This Day in History – October 2nd, 1925

In 1925 a Scottish engineer went to London seeking media attention to promote his new invention. When he visited the office of the Daily Express newspaper he was met with fear and considered a mad man. The news editor was terrified and he was quoted by one of his staff as saying: “For God’s sake, go down to reception and get rid of a lunatic who’s down there. He says he’s got a machine for seeing by wireless! Watch him — he may have a razor on him.” The editor may well have had reason to fear John Logie Baird, his invention would ultimately lead to a sharp decline in newspaper sales for decades to come.

Baird was a Scottish engineer, innovator and inventor of the world’s first mechanical television, the first publicly demonstrated color television system; and the first purely electronic color television picture tube. Baird’s early technological successes and his role in the practical introduction of broadcast television for home entertainment have earned him a prominent place in television’s history.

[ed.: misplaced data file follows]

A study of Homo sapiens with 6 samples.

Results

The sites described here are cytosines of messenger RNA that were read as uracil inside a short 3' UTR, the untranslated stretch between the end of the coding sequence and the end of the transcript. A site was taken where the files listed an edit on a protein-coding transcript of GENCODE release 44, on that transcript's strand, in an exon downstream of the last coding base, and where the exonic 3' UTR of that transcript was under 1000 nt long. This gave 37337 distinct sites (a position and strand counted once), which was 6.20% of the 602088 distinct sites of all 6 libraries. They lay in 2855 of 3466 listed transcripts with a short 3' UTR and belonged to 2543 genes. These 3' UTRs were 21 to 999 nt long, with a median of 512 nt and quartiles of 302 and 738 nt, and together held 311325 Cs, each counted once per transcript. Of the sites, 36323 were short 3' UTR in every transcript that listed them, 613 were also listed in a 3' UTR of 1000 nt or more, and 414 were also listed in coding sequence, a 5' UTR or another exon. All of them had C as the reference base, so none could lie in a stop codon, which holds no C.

John_Logie_Baird_and_Stooky_Bill

In his laboratory on October 2nd, 1925, Baird successfully transmitted the first television picture with a greyscale image: the head of a ventriloquist’s dummy nicknamed “Stooky Bill” in a 30-line vertically scanned image, at five pictures per second. Baird went downstairs and fetched an office worker, 20-year-old William Edward Taynton, to see what a human face would look like, and Taynton became the first person to be televised in a full tonal range.

John_Logie_Baird00Many years later and the “lunatic” Scotsman, in 2002, was ranked number 44 in the BBC‘s list of the “100 Greatest Britons” following a UK-wide vote. In 2006, Logie Baird was named as one of the 10 greatest Scottish scientists in history, having been listed in the National Library of Scotland‘s ‘Scottish Science Hall of Fame’.